A Tale of Two Companies is a narrative story about two companies who are facing competition from new entrants into their business vertical and are looking to regain their competitiveness through Agile/DevOps. Along with the story of the two companies, there are learning points in each section. This book takes a very different tact then the majority of DevOps books on the market, the book attempts to explain in simple terms through Learning Points why, as Gartner has pointed out, 90% (the true number is probably higher) of the companies attempting DevOps are failing.
A couple of sample Learning Points the book covers are below:
Many in the industry have probably heard the reference to the “Blame Game”, which is the conflict between development and operations and that if you just change the incentives you will bring about the change you are looking for to foster cooperation. While it is true that changing incentives can bring about change, the problem is that it alone will not bring about the change you are looking for. Change is a multi-faceted entity that must have all of the other components in place in order to bring about the change you are seeking.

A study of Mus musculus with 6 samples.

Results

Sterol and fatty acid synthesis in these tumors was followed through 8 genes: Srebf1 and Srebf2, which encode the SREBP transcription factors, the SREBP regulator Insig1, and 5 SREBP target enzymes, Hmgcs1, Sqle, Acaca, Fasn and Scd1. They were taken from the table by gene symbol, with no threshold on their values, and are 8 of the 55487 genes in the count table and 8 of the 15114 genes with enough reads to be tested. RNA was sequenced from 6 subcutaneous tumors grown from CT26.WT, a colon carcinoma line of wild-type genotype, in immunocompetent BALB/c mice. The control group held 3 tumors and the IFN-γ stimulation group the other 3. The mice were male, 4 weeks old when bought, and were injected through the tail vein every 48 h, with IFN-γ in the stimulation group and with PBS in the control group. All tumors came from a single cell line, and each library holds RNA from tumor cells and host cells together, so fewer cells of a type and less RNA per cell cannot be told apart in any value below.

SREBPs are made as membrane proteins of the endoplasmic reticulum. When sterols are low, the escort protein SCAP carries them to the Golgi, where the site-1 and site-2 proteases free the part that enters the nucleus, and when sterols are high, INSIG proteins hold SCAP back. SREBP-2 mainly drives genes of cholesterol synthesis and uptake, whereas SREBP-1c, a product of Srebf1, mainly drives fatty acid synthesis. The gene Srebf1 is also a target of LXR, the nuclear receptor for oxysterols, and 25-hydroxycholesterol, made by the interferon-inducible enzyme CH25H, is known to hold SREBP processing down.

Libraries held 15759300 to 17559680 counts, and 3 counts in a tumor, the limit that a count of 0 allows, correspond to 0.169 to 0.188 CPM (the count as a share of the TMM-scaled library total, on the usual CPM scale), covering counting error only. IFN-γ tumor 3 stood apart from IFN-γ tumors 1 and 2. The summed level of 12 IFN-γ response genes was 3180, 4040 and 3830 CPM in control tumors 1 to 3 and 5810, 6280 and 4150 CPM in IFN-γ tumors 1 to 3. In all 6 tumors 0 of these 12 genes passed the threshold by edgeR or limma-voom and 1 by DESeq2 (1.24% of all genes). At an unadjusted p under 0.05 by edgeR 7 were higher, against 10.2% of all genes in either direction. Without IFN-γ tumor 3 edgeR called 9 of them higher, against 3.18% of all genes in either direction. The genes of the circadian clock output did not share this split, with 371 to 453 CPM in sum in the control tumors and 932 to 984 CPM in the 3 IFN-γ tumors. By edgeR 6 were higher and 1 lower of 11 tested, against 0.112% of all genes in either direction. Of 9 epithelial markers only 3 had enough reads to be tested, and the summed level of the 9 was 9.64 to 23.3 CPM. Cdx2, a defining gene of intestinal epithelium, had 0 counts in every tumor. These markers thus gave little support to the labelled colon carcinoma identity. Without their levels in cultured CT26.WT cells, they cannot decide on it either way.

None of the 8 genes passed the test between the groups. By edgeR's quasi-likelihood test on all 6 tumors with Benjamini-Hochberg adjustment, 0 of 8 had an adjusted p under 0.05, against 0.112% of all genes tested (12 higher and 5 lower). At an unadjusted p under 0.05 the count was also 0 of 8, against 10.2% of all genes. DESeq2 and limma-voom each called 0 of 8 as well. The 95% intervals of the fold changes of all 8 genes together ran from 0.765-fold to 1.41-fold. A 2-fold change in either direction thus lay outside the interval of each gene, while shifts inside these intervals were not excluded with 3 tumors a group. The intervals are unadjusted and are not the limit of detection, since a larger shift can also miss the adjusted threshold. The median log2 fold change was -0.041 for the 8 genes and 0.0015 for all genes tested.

Many have also heard or read that in order to understand DevOps you need to look at Lean Manufacturing. A number of authors specifically call out Toyota and the Toyota Production System. What no one happens to mention is that Toyota or any of the other lean Manufacturers before ever taking on a change project like Agile or DevOps would involve their Organizational Behavior and Organizational Development folks in order to fully understand the risks, obstacles and steps required to successfully implement change of this magnitude
The vast majority of DevOps practitioners and advocates have repeatedly mentioned that DevOps uses the work of Dr. W. Edwards Deming, what they all fail to mention is that Dr. Deming was a fierce opponent of Management by Objectives which to this day is still ingrained in the culture of many organizations and works counter to what the DevOps movement is attempting to accomplish.